To borrow an old Annapolis cliche, Gov. William Donald Schaefer and Lt. Gov. Melvin A. "Mickey" Steinberg aren't singing off the same song sheet. Steinberg, who normally takes the lead pushing for Schaefer's pet bills, last week declined to testify on the governor's Linowes tax package, saying his heart wasn't in it since the bill is widely viewed as dead. Steinberg's remarks made it into the newspaper Friday and we all know how well Schaefer reads the newspapers.
That same morning, Schaefer and Steinberg had a private breakfast with some legislative leaders and the chemistry between the governor and the lieutenant was a bit on the frosty side, according to witnesses.
Finally, Schaefer turned to his No. 2. "Thanks, Mickey, for stabbing me in the back."
Light rail, hot potato:
Always a popular target for lawmakers, the $426 million FTC light-rail program came under fire again last week. Members of the House Ways and Means Committee questioned Transportation Secretary O. James Lighthizer about Gov. William Donald Schaefer's proposed 5 percent gas tax. Committee members recalled the last gas tax increase in 1987, and how it was supposed to solve a growing revenue crisis for the Transportation Department and ended up, a year later, partly funding a new light-rail program.
William K. Hellmann, who was transportation secretary in 1987 and supported the last gas tax increase, conceded to the committee, "It's true, the words light rail never crossed my lips" during the tax debate.
But, he pointed out, he had left office by the time light rail had begun. Lighthizer, who took over last month as transportation secretary from retiring Richard Trainor, also disavowed responsibility.
Looking at Hellmann, he said, "Let's blame it on Trainor, he's not here."
Comptroller Louis L. Goldstein, who's been associated with Maryland government almost as long as the State House, has a knack for matching a colorful phrase with the situation. He was at it again at last week's Board of Public Works meeting. Criticizing less senior lawmakers for their reluctance to embrace tax increases, Goldstein advised one that sometimes "You have to take the bull by the tail and look him straight in the face."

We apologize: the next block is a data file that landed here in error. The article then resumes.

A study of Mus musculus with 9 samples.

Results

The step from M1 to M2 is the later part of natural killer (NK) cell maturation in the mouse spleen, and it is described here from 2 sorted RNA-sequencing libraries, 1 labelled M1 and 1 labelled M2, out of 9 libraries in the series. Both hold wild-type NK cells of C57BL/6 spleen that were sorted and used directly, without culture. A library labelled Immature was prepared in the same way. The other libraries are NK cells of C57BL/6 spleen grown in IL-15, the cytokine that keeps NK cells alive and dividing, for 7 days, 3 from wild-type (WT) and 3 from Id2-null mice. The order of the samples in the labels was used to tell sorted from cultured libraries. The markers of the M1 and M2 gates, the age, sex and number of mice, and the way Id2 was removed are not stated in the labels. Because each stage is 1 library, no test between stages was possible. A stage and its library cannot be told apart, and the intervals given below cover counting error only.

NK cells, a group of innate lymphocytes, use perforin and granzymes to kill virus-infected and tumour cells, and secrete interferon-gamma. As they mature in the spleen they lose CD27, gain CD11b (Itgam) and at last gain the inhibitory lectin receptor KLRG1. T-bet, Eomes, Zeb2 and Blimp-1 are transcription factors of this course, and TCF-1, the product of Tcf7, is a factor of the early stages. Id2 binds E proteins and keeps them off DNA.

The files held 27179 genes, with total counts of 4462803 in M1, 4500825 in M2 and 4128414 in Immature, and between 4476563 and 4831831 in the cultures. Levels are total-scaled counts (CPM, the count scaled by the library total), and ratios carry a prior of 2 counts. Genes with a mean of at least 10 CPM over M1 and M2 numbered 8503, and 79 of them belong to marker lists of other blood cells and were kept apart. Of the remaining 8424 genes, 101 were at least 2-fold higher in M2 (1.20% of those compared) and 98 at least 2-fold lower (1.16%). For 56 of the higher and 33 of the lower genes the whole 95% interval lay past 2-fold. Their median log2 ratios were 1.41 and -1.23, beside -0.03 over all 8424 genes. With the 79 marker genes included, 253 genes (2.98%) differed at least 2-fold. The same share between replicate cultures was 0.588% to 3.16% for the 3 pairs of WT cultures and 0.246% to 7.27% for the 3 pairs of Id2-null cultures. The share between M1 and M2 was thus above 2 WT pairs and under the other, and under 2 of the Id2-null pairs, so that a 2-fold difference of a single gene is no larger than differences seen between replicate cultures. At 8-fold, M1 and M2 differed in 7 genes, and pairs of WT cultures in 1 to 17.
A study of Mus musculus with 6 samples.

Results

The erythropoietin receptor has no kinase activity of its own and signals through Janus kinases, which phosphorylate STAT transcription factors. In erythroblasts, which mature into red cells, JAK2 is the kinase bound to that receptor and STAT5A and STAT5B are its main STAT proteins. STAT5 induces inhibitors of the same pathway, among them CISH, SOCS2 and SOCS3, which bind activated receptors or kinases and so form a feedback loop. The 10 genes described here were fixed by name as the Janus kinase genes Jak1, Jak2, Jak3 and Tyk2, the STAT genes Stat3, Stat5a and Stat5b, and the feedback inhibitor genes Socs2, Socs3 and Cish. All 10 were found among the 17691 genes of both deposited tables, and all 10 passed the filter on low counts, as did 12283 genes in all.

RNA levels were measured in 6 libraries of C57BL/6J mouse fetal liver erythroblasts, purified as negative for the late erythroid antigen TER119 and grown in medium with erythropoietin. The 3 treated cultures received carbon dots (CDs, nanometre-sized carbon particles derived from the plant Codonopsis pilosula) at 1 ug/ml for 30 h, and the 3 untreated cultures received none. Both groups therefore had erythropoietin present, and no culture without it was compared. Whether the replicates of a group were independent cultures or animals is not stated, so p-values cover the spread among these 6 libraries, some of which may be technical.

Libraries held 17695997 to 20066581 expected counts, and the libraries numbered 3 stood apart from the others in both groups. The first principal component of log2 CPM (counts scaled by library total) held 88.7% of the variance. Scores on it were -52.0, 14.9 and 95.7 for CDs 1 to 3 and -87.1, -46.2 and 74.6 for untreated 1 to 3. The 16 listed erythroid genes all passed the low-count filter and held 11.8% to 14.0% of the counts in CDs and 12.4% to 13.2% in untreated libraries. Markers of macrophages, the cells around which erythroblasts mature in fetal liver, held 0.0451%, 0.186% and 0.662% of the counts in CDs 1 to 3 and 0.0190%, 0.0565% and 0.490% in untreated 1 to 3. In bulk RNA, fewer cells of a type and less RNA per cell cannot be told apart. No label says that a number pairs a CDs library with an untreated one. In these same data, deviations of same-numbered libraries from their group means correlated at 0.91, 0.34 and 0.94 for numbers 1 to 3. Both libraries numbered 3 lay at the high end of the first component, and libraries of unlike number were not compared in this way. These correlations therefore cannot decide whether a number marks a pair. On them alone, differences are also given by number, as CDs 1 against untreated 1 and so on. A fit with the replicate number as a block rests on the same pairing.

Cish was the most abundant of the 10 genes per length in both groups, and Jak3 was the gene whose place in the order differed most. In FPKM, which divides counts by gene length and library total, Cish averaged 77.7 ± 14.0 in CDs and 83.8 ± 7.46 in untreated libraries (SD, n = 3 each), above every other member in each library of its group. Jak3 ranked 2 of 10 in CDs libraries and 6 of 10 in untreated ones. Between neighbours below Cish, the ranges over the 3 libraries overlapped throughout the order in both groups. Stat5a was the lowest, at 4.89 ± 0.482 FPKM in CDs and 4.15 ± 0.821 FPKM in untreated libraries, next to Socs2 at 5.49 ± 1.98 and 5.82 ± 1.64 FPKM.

Although a highly paid Annapolis lobbyist who hobnobs with the powerful, Bruce Bereano also likes to rub noses with Regular Joes, at least at the ballpark.
Last week, Bereano went to bat for the little guy at a legislative hearing on a bill that would limit smoking to designated areas at the new Camden Yards stadium in Baltimore.
Bereano took a keen interest in the plight of the steelworker who loves to fire up a cigarette and throw down a cold beer at Oriole games.
Bereano suggested that smoking limitations would hurt people of a certain "socioeconomic" class more than others since regular folks cannot afford a costly sky box, which would be exempt from the proposed smoking rules.
"If I work at Bethlehem Steel and I go there and I can't sit up in a sky box, I won't be able to smoke if I want to," Bereano said.
What's next? a shocked Bereano asked. "Drinking and non-drinking sections?"
Bereano, of course, lobbies for the tobacco industry.
Hiya, Mr. Congressman:
The House of Delegates, which usually strives for formality, took time Friday to greet one of their more distinguished former colleagues, former House Speaker and now U.S. Representative Benjamin L. Cardin, D-3rd.
Cardin dropped by the chamber over which he used to preside, and Speaker R. Clayton Mitchell Jr., D-Eastern Shore, turned over his microphone to the congressman for a few remarks.
Lest anyone think the House is stuffy, however, a friendly message flashed across a lighted screen as Cardin addressed the delegates. It read: "Welcome Benji!!!!!!!!!!"